Summary List Placement
Both the Pfizer and the AstraZeneca COVID-19 vaccines were found to substantially reduce hospitalization from after a single jab, according to new data out of the UK.
The figures, published early Monday, are the first to measure the rate of hospitalization from a real-world vaccine rollout.
It is the latest in a series of promising updates from countries which have vaccinated significant proportions of their populations.
Monday’s data came from Scotland, one of the four nations of the UK. It analyzed the health records of 5.4 million people between December 8 and February 15.
Of those, more than 1.1 million received one dose of either the Pfizer/BioNTech or the Oxford/AstraZeneca vaccine, both of which are authorized for use in the UK.
The scientists found that those who received the vaccine were significantly less likely to be hospitalized than those who hadn’t.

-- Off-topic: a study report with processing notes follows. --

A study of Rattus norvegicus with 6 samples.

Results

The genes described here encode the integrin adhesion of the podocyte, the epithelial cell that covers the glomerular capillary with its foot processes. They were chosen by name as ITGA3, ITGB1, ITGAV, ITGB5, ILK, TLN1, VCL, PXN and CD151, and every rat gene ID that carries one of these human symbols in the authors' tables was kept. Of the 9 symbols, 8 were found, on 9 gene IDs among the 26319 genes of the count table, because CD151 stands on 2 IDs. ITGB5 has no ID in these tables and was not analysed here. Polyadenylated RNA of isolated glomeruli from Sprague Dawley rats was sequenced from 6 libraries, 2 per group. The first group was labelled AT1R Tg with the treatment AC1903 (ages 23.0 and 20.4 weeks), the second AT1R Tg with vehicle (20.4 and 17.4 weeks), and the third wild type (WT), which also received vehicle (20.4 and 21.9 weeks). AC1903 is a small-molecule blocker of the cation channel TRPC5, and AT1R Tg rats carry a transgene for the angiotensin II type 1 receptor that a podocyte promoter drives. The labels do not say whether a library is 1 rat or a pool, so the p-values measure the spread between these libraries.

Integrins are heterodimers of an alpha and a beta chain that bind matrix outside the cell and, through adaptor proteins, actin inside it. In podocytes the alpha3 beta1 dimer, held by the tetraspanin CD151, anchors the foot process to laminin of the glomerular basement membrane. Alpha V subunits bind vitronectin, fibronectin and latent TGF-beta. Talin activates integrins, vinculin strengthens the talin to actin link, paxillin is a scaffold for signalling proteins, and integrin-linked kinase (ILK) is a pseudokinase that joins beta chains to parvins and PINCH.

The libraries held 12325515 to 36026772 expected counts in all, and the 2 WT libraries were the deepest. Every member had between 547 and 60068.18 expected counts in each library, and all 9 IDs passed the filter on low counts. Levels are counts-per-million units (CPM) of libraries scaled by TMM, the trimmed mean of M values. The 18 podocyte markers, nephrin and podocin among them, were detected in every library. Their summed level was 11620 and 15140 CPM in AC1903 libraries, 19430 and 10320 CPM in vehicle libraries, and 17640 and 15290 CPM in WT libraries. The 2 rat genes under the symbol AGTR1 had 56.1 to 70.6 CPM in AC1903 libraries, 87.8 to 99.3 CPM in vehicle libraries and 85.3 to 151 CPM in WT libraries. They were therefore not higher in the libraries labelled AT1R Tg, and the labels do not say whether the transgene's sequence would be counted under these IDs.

Looking at the protection overall, hospitalization from COVID-19 dropped by 84% four weeks after receiving a jab.
The UK decided to prioritize giving as many people as possible a single jab, even though the manufacturers recommend two for the fullest protection. As a result, relatively few in the UK have had a second dose.
Breaking down the data, one dose of the Pfizer vaccine cut hospitalizations by 85% four weeks after the first jab, and the AstraZeneca vaccine cut hospitalizations up to 94%.
The scientists also measured the effect of the vaccine every week after receiving the first dose. They found the vaccine had the strongest effect in the fourth week after inoculation.
Vaccine effect was highest on those aged 18-64. However, in that age bracket, only those who have been defined as clinically vulnerable would have received the vaccine.
Among those aged over 80 years, who are at the highest risk from COVID-19, the vaccine gave 81% reduction in hospitalization after four weeks.
This study was published as a pre-print, the next step will be for it to be reviewed by peers.
This is the first study looking at the effect of a vaccine on hospitalization for an entire nation, the scientists said.
Lead scientist Aziz Sheik from the University of Edinburgh, said that this evidence “given us great reasons to be optimistic for the future.”